When someone has a question they automatically look on the internet to find the answer. But how do you know if this answer is reliable and from a good source? Most of the time you click on the first link that pops up or grabs your attention. Not to mention that the links at the top of Google are the ones that people need to pay a lot for so you don’t even know if you can believe it. Growing up I always used the internet for school so they always educated us as much as they could by bringing us to the library and having the librarian talk to us. We were told that websites ending in .gov or .org were very reliable and using Wikipedia was not allowed. In high school we were provided with database user names and passwords for papers and projects which was very convenient, but what happens when it is just a random question and not something scientific? Clearly over the past few decades the amount of information on the internet has blown up and for many people it is next to impossible to differentiate fiction from fact.
Many educational institutions bash Wikipedia calling it “unreliable” just because it is a digital and collaborative place for people to leave information. I do see where they are coming from, anybody can edit it and they can say whatever they want. But your edits and submissions also need to be approved and if they are not approved than they do not make it onto the official website. I think people need to wake up and smell the roses. We live in a digital age, we are just in the beginning stages of this digital age so it is just going to expand more and more over time. I say we embrace the digital age, sure Wikipedia may have some errors but as Cathy Davidson points out in “We can’t ignore the influence of digital technologies” even encyclopedias have errors in them! So why do we try and shoot down something new and digitally friendly? It could be because it is new to us or maybe because not everybody gets its concept or how to work it.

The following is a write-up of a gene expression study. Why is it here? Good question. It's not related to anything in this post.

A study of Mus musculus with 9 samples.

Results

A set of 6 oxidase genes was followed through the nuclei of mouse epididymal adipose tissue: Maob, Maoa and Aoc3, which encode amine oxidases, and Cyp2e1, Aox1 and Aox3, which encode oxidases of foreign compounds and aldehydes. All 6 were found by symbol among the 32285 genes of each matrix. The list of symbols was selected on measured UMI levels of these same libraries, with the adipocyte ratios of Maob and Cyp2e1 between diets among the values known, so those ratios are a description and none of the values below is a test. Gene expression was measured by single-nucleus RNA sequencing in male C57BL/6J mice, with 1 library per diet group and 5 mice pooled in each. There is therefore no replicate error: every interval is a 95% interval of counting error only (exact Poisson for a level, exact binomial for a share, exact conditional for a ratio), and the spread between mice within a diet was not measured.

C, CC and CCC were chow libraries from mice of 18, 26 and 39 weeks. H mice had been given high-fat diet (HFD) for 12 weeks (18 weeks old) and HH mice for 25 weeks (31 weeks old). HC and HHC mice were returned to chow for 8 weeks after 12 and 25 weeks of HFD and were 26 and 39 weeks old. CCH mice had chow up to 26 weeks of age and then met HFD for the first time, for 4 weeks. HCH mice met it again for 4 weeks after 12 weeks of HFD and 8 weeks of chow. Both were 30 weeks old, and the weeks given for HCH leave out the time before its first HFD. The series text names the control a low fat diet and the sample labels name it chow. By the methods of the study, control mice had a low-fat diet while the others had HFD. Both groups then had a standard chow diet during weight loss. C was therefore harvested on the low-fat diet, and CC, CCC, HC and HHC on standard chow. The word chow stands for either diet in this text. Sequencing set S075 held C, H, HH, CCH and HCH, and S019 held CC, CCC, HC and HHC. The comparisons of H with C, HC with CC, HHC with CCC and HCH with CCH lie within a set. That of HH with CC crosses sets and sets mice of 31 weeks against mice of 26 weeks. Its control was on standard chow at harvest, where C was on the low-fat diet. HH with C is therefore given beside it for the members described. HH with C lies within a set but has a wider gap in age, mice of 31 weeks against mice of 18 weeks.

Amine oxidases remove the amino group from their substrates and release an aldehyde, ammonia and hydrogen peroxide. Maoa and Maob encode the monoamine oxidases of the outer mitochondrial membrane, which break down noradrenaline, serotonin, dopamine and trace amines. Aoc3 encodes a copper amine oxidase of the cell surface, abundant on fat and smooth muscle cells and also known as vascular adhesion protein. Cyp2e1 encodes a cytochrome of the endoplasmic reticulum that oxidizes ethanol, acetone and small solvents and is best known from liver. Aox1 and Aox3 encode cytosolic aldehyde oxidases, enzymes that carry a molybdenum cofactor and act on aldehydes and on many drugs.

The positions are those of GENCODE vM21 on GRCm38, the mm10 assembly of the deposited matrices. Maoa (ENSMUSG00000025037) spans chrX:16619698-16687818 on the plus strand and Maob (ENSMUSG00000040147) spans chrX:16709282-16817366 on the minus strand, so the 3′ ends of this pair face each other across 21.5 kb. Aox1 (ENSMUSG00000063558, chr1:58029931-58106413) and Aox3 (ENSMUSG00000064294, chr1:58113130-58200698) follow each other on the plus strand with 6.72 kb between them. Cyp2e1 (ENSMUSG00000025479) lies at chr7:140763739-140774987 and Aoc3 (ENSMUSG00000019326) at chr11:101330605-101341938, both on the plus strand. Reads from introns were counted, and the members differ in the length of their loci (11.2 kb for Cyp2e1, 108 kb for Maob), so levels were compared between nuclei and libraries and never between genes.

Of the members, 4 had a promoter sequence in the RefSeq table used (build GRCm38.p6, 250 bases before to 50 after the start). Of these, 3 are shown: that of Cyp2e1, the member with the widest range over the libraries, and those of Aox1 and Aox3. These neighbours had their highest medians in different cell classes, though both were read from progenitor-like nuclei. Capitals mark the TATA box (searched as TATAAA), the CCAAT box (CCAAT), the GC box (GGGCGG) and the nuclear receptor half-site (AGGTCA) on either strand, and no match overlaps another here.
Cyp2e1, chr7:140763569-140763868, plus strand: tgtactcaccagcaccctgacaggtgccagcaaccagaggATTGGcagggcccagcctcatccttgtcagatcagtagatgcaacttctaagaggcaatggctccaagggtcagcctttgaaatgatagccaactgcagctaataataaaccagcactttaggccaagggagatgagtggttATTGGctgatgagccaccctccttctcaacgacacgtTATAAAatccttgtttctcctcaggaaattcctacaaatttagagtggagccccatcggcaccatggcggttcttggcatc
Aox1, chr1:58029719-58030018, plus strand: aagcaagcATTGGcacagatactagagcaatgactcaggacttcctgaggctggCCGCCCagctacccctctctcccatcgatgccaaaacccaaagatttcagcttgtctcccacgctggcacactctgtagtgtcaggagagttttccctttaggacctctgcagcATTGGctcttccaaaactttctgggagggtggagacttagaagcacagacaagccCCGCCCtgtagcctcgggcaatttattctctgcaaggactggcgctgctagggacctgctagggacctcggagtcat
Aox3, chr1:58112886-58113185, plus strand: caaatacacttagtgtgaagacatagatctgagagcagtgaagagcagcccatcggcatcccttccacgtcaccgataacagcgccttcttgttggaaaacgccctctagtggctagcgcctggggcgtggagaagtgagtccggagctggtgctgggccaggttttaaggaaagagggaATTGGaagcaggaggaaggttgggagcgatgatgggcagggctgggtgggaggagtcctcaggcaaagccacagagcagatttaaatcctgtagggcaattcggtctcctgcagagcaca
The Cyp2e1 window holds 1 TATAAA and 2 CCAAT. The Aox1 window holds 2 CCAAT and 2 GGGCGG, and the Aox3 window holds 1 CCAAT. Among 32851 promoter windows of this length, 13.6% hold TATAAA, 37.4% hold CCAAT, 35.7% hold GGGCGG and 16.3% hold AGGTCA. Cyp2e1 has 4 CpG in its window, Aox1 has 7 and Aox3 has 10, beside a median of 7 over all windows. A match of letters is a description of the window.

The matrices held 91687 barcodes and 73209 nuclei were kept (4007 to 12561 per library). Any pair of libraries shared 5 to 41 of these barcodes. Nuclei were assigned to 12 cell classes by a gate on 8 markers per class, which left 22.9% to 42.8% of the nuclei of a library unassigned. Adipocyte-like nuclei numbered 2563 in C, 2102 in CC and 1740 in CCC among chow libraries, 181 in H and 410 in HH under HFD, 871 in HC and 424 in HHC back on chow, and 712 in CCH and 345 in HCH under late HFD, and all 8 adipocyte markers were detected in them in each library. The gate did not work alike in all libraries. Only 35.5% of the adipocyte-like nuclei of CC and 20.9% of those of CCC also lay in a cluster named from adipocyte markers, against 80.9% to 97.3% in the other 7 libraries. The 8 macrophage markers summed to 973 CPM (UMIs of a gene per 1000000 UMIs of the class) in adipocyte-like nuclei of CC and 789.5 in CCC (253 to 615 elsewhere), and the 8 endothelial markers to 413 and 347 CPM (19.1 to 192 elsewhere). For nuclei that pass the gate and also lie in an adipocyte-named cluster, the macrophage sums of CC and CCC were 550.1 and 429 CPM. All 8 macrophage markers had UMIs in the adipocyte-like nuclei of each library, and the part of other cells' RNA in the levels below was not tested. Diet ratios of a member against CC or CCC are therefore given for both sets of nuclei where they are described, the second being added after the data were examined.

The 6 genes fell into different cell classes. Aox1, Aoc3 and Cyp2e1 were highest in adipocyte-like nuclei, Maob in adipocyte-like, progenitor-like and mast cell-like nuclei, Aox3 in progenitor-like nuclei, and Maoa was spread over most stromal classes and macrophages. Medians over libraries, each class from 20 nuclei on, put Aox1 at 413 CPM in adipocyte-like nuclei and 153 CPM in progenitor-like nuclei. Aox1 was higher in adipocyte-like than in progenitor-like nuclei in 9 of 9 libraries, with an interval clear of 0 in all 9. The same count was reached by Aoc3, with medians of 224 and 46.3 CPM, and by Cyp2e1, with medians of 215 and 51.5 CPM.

Users of this digital technology need to be better educated. They need to learn how to determine if a site has reliable information or not. John McManus suggests using the “SMELL” test. SMELL stands for Source Motivation Evidence Logic and Left out. Using these steps can help determine if your information is reliable and usable. If everyone learned what information was usable the internet would be a safer place. Many times on social media sites like Twitter people will make accounts called “Google Facts” or something along those lines, than they tweet all of these different “facts.” Many of them sound outrageous and very farfetched but people believe it because the name of the account Google Facts. I’m sorry but if I see a tweet that says something that sounds weird I will not believe it and then go around spreading this false information to other people.
Social media in general puts out a lot of false information and rumors. How many times do you go on Facebook or Twitter and see a scandal about how someone died when they are still very well and alive. These tweets and articles spread like wildfire and people suck up this drama like it’s water. It is not all that different from the tabloids that people waste their money on- the only difference is that social media is usually free.I think the problem really lies with the users. They are uneducated and will believe almost anything that is posted on the internet. Especially when it seems like it is coming from a reliable website. I know I am very skeptical about many things on the internet, some websites sketch me out and drive me away from using them. I just hope that as the digital media age booms the users become smarter and use more common sense when using the web. Whether it be regarding information that you post, what you read, or what you share you always need to be careful no matter what.